Bound and Illuminated by Ulrich Schreier
Gregory IX (c. 1170–1241).
Decretales cum glossa Bernardi Parmensis .
Mainz: Peter Schoeffer, 23 November 1473.
Both the binding and the illuminations of this impressive book are the work of Ulrich Schreier
(active c. 1469–
c. 1490), one of the outstanding artisans of fifteenth-century Austria. Schreier took commissions from many important ecclesiastical patrons and had workshops in Salzburg, Vienna, and Preßburg. The coat of arms on the front cover, featuring a black hen, suggests that the book belonged to Johannes Han (d. 1500), Canon of Preßburg.
The exquisite decoration of the central panel on the upper cover was made by the process known as cuir-ciselé, in which a design is cut into the calfskin with a knife and offset by stippling the surrounding surface. The cuir-ciselé panel depicts an enthroned pope at the top and the coat of arms at the bottom; both retain traces of original pigment. The pope is both a reference to the contents of the book and a direct replica of Schreier’s illumination of a seated pope that introduces Book V of the text.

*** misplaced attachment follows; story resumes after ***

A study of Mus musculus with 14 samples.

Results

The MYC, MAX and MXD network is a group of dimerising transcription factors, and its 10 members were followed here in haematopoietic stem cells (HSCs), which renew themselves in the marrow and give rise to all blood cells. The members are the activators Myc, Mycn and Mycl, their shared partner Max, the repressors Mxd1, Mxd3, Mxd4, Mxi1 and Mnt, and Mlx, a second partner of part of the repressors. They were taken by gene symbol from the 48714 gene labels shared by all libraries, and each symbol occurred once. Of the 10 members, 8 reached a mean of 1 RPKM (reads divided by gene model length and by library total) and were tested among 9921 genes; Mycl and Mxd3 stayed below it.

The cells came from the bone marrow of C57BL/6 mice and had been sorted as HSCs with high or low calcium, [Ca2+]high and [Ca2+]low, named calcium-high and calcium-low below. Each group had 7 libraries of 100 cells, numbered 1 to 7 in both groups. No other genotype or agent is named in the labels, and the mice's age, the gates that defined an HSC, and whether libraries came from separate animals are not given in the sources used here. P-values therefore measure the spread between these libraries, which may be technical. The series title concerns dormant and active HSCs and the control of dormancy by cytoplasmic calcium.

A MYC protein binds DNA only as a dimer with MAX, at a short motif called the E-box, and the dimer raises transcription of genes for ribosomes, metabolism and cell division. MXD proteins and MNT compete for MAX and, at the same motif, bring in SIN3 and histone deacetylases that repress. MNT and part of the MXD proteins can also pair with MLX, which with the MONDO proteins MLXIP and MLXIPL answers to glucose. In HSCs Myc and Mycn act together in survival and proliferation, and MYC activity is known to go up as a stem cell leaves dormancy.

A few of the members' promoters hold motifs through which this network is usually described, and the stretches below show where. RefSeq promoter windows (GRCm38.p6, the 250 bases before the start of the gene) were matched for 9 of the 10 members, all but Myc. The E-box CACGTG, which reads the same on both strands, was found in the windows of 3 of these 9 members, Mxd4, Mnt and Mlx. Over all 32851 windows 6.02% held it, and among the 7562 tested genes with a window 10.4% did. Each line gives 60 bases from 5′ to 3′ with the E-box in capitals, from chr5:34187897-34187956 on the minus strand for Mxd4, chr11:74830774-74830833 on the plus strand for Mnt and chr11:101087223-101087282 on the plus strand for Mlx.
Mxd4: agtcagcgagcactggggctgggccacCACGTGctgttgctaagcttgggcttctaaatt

The design of the lower cover utilizes Schreier’s round-headed tool with a lobed base (called a “Kopfstempel” in German) around the perimeter of the central panel. With this tool Schreier built up the outlines of large oak leaves, naturalistically veined with curving fillets. The brass corner plates were engraved with foliate decoration that is similar to Schreier’s painted foliage. The two clasps and the central boss on each cover are modern replacements.